Welcome to The Lawbringer, WoW.com's weekly tour of the intersection between law and the World of Warcraft. I'm a third-year law student acting as your crossing guard, trying desperately to avoid getting run over myself.
Medieval England (the time period from which law is still recovering) had a bifurcated justice system. If someone had violated a contract, the aggrieved party could sue in a court of law for damages. These damages could be the amount of money necessary to put the victim in the position in which they were before the contract was made. (Example: I promise to mow your lawn, and you pay me $20 ahead of time. I don't mow your lawn; you can sue me for the $20.) Depending on the case, the victim might receive the amount of money necessary to put him in the position in which he would have been had the contract been followed. (Example: same scenario, except not only do I have to pay you back the $20, I have to pay $20 to get someone else to mow the yard.) This is just fine when a problem can be resolved with money.
But what if the problem is something that money just can't solve? Say your neighbor has erected a pig sty near your property. You don't really want your neighbor to pay you for marginally lowering the value of your property now that it stinks. You just want him to get rid of the pigs. You can't sue him in a court of law, since they can only award monetary damages. Instead, you go to what was known as a court of equity, wherein the magistrate -- originally the King's chancellor, but later a separate court system -- could grant an injunction to force your neighbor to stop.
So let's set the DeLorean back to the present. Current civil law allows the victim of a breached contract to sue for monetary damages and equitable measures like an injunction. If Blizzard were actually able to haul Shenhua, IGE or the various other gold sellers into court, Blizzard could sue them for the monetary damages they inflict on the game and get court orders to stop them. And if Blizzard were in any business other than computers, that would be the extent of what could be done to gold sellers.
Selling gold is a crime
But as you might have guessed from the title, gold selling is a crime under a formerly little-known law called the Computer Fraud and Abuse Act. The CFAA gained prominence a few years ago, thanks to Lori Drew.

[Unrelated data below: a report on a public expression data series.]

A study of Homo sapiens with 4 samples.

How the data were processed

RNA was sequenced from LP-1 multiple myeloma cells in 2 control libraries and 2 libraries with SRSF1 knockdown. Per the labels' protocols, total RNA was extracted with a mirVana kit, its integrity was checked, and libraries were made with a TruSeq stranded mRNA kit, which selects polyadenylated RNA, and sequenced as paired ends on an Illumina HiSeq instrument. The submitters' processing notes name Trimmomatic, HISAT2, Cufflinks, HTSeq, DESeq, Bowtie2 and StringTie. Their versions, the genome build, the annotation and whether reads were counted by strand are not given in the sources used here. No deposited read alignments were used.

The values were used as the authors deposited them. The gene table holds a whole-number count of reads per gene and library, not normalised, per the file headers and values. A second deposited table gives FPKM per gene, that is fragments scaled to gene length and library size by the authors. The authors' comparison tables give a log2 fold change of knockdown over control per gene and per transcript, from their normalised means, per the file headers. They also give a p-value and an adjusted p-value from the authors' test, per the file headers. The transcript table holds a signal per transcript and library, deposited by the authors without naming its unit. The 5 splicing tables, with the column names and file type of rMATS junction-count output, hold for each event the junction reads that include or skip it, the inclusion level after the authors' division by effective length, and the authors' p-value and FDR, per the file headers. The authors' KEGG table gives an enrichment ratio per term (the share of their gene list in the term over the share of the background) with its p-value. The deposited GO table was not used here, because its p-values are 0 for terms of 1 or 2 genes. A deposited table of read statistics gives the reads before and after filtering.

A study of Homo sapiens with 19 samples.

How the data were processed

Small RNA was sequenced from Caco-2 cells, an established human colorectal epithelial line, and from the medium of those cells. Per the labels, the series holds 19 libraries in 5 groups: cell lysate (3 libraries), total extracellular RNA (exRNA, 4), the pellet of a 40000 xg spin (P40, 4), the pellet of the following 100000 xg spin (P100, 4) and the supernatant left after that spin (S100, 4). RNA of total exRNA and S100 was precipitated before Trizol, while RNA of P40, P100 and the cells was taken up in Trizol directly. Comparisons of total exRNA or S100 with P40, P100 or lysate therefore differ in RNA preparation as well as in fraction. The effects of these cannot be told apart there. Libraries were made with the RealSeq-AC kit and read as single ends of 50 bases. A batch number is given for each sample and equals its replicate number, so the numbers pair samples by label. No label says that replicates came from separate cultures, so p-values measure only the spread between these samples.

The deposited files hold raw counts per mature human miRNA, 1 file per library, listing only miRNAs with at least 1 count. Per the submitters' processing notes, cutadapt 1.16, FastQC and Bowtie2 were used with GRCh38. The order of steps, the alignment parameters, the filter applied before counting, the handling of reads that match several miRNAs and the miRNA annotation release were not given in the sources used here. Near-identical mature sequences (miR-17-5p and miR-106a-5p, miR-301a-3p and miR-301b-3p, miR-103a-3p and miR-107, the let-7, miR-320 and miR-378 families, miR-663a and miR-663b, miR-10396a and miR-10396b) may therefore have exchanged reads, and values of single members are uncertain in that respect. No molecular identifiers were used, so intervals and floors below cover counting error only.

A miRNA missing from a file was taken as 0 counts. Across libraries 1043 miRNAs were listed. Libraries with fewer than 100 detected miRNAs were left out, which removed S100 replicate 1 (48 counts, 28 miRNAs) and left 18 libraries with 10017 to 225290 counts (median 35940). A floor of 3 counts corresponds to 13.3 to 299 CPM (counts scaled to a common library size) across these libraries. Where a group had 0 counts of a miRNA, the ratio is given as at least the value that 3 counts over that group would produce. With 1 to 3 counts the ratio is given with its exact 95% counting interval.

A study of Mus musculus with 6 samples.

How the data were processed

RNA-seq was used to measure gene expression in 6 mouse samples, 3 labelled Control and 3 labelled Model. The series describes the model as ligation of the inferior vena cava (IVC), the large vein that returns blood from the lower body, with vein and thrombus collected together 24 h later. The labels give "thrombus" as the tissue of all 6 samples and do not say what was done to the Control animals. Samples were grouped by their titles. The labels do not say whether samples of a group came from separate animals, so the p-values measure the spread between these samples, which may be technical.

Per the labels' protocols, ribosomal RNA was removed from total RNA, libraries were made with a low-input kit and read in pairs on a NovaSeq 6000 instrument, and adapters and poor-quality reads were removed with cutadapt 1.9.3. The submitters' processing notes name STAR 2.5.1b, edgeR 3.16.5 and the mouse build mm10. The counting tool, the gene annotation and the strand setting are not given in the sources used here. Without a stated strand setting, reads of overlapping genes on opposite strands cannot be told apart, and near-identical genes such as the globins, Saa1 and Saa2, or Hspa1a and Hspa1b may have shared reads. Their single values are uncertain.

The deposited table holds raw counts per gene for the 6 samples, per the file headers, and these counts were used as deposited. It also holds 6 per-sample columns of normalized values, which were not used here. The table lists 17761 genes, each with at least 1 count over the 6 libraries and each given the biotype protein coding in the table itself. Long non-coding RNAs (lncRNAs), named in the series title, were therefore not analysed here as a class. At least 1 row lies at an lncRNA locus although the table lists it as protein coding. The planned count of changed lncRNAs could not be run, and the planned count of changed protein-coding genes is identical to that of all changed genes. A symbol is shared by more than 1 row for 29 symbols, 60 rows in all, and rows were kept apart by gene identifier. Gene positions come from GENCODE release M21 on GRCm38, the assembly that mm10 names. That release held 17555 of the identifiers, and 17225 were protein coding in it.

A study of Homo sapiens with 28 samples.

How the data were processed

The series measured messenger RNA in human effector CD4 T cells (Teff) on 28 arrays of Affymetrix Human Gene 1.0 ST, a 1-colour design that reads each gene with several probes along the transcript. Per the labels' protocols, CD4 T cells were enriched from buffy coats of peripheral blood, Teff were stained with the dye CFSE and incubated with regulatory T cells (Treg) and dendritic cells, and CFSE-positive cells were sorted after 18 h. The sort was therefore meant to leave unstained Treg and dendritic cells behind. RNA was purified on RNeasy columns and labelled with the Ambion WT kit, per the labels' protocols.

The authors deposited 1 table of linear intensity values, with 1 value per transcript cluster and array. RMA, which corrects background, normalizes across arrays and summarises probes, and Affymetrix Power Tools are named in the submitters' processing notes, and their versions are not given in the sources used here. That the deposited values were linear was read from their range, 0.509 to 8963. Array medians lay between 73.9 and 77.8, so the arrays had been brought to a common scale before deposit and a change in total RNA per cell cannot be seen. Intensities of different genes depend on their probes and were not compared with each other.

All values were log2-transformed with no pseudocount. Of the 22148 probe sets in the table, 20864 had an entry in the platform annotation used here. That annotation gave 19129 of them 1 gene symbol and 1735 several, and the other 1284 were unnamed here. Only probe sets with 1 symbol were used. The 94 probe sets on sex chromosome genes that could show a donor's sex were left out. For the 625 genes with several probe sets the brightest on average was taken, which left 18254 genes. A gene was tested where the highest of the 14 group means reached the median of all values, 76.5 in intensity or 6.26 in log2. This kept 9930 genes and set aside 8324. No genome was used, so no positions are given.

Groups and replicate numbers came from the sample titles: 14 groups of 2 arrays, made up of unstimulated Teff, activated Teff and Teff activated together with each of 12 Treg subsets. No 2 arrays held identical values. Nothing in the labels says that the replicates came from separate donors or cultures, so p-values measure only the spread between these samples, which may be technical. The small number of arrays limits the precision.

Lori Drew is the paragon of parenting who felt the need to micromanage her teenage daughter's social life to the point of creating a fake persona on MySpace to befriend, exploit for embarrassing secrets and then dump Megan Meier, an acquaintance of Drew's daughter. The break-up prompted Meier to kill herself, and after an investigation and public outcry, the federal prosecutor tried to convict Drew under section 18 USC 1030 (a)(2)(C) for "intentionally access[ing] a computer without authorization or exceed[ing] authorized access, and thereby obtain[ing] information from any protected computer." To determine whether someone has violated this law, the acts are analyzed using a three-element test:
- Did the defendant intentionally access without authorization/exceed authorized access of a computer?
- Did the defendant's access of the computer involve interstate and foreign communication?
- Did the defendant obtain information from a computer used in interstate or foreign commerce or communication?
So remember folks, when you buy from gold sellers, you are buying from yet-to-be convicted federal criminals. Stay tuned until next week, when in honor of U.S. Tax Day (4/15), we'll be looking at how to fill out a U.S. tax form if you are a gold seller.
This column is for entertainment and should not be considered legal advice. If you have a real legal problem, talk to a real lawyer. If you have questions about law or law school, shoot me an email at email@example.com or tweet me @wowlawbringer. And in honor of the copyright prof who showed us this in class, Hitler Learns His Law School Teaching Schedule.